Yes, we really share genes with headless sea creatures from half a billion years ago


Humans (and every other creature on Earth) didn’t materialize out of nothing. Some of our origins are strange, and strange is an understatement.

Life-forms that existed and evolved during the Ediacaran period were slowly creeping their way up towards what would eventually turn into the Cambrian explosion that gave rise to so many species. Some creatures were especially peculiar. What was once a vast ocean has now yielded 555-million-year-old fossils of things that looked like everything from bath mats to teardrops with a proboscis. They are unrecognizable when compared to anything extant, never mind that there was no DNA left to extract for scientists to see what they could possibly be related to.

Some of the fauna that emerged during the Ediacaran had no heads, no brains, no skeletons, no complex organ systems, but are still thought to share genes with humans. Paleobiologist Scott Evans unearthed some of these weird creatures. Despite being so primitive, they apparently passed on their DNA to whatever would evolve later.

“Based on the results coming out of modern developmental biology, there is a certain amount of complexity of interactions between genes needed to produce things like a head,” Evans, who co-authored a study recently published in PNAS, told SYFY WIRE. “The Ediacaran Period represents such an early stage in the evolution of animals that this level of complexity had not yet been achieved.”

Evans and his team figured that out by studying what they did have, which meant the fossils themselves, along with DNA data from both extant and extinct species. Every structure in a living thing is the way it is because it was genetically coded to form like that. Observing physical structures visible in the fossils can reveal a surprising amount about the kinds of genes an animal had based on what shows up. The researchers then matched them to genetic mechanisms that are behind similar types of structures in animals with more familiar genetic profiles, which could at least give the researchers an idea of what kinds of genes created animals that have only left behind impressions on rock that used to be an ancient seafloor.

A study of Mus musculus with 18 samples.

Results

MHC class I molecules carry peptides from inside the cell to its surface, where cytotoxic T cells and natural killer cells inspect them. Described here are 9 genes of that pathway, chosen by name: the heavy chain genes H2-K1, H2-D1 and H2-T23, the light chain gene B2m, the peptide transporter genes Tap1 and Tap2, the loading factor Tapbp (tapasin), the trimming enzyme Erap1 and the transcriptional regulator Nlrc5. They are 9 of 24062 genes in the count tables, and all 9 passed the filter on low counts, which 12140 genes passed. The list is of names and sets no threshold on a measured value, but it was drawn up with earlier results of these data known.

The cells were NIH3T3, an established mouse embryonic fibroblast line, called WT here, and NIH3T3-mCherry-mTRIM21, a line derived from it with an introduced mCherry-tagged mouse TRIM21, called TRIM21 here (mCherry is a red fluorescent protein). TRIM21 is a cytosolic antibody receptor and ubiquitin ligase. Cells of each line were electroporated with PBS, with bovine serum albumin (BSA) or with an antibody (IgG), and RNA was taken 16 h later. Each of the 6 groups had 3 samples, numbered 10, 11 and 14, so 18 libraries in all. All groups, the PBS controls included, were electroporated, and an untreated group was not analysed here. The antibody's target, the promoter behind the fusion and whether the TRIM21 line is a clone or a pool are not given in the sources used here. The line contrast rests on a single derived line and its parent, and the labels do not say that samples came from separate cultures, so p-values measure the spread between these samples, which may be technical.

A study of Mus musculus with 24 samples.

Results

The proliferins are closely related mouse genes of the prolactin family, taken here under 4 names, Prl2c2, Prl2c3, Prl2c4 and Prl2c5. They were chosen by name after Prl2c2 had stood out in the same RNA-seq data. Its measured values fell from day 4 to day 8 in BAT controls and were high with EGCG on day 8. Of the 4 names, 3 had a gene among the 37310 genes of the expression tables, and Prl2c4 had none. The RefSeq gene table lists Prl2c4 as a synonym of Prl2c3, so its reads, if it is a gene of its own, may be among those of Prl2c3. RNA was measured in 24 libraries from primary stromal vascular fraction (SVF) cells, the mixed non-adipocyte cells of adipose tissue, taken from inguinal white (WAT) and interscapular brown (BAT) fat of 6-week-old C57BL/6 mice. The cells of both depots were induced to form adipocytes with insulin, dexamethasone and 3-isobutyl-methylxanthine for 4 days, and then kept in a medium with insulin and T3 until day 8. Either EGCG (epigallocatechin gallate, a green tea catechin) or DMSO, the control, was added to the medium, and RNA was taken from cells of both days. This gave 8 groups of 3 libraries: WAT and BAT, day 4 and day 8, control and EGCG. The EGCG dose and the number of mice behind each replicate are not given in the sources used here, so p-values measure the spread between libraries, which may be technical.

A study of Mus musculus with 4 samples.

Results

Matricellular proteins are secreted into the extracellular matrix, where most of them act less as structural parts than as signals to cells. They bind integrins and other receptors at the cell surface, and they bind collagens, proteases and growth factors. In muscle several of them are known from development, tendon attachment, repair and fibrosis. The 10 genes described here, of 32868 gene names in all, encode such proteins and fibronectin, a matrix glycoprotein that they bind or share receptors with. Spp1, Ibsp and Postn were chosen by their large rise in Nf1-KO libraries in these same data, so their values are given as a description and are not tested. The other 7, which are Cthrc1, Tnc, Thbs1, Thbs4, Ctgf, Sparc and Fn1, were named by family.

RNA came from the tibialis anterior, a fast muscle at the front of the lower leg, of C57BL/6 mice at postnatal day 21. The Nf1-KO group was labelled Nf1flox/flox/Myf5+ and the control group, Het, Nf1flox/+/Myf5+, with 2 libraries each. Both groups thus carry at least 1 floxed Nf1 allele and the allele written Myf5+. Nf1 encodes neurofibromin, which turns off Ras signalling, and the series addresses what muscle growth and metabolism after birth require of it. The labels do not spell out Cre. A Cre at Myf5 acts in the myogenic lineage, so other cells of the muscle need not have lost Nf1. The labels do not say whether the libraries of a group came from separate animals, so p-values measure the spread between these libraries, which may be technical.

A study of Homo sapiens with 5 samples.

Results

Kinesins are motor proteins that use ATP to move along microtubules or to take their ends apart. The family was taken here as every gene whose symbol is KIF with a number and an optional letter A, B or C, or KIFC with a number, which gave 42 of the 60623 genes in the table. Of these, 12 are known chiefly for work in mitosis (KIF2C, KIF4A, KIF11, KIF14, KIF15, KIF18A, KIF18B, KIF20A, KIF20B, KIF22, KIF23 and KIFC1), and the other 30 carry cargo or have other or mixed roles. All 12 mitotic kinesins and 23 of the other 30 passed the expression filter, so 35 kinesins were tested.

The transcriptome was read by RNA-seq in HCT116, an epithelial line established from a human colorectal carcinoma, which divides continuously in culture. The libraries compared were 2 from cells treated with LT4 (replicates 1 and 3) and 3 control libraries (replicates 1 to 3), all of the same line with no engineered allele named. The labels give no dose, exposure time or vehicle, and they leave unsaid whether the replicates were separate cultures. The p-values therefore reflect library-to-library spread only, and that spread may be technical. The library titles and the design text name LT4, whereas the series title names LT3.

Dickinsonia, a primitive Ediacaran creature that probably had more DNA than its looks might betray. Credit: Scott Evans

Maybe the most bizarre of these species was Kimberella. This was the giant teardrop whose body is thought to have been much like a muscular foot. It is thought to have gotten around with a frill, much like that of a cuttlefish, and would feed by sticking its long proboscis into mats of bacteria below. Scratch marks on fossilized bacterial mats are thought to be evidence of its eating habits. Ikaria were tiny elliptical organisms that could have been mistaken for sea maggots, but they are the oldest known bilaterians, which have a front, back, and a gut that connected openings at both ends. Dickinsonia is (at least as Evans calls it) the bath mat.

“We determined likely genetic elements based on their conserved role in producing the same characters we find in these ancient impressions in a variety of animals today,” he said. “Species like Dickinsonia had the genetic tools to produce symmetry, muscles, and a nervous system but not yet the [complex] interactions for those more advanced traits like a head or skeleton.”

For something that doesn’t seem too fancy, Dickinsonia must have had more genetic equipment than would be expected out of a headless blob. Symmetry in animals that have a front and back, or a top and bottom, or both, is the result of specific gene groups that determine which end is which. Because the morphology of both Ikaria and Dickinsonia was pretty symmetrical, Evans and his team were able to attribute it to those genetic groups. It is also possible that Dickinsonia was capable of apoptosis, since there is what looks to be fossilized evidence of it regenerating some of its own body, much like starfish or sea urchins can. The problem is, since something with no skeleton is mostly soft tissue, it’s almost inevitably going to disintegrate over millions of years.

Think about it. Many of the genetic groups these freaky animals were determined to have also exist in humans. We are bilateral, symmetrical, and have muscles and nerves. That might not be the end of the similarities. It is also possible that any of these species had a mouth, or an unknown appendage, or some sort of rudimentary smelling mechanism. Ikaria is thought to have plowed through the sand much like an earthworm passes through dirt, digesting nutrients and leaving sediment in its wake. The fossils that have already been studied may not have all the answers. There are more still waiting in what is now a dry and silent sea.

“I think that there are more genes and regulatory tools that can be identified in these fossils,” Evans said. “So the hope is that by comparing patterns of muscle development in living things with what Ediacaran fossils we find will give us a better idea of the total complement of genes used by these organisms.”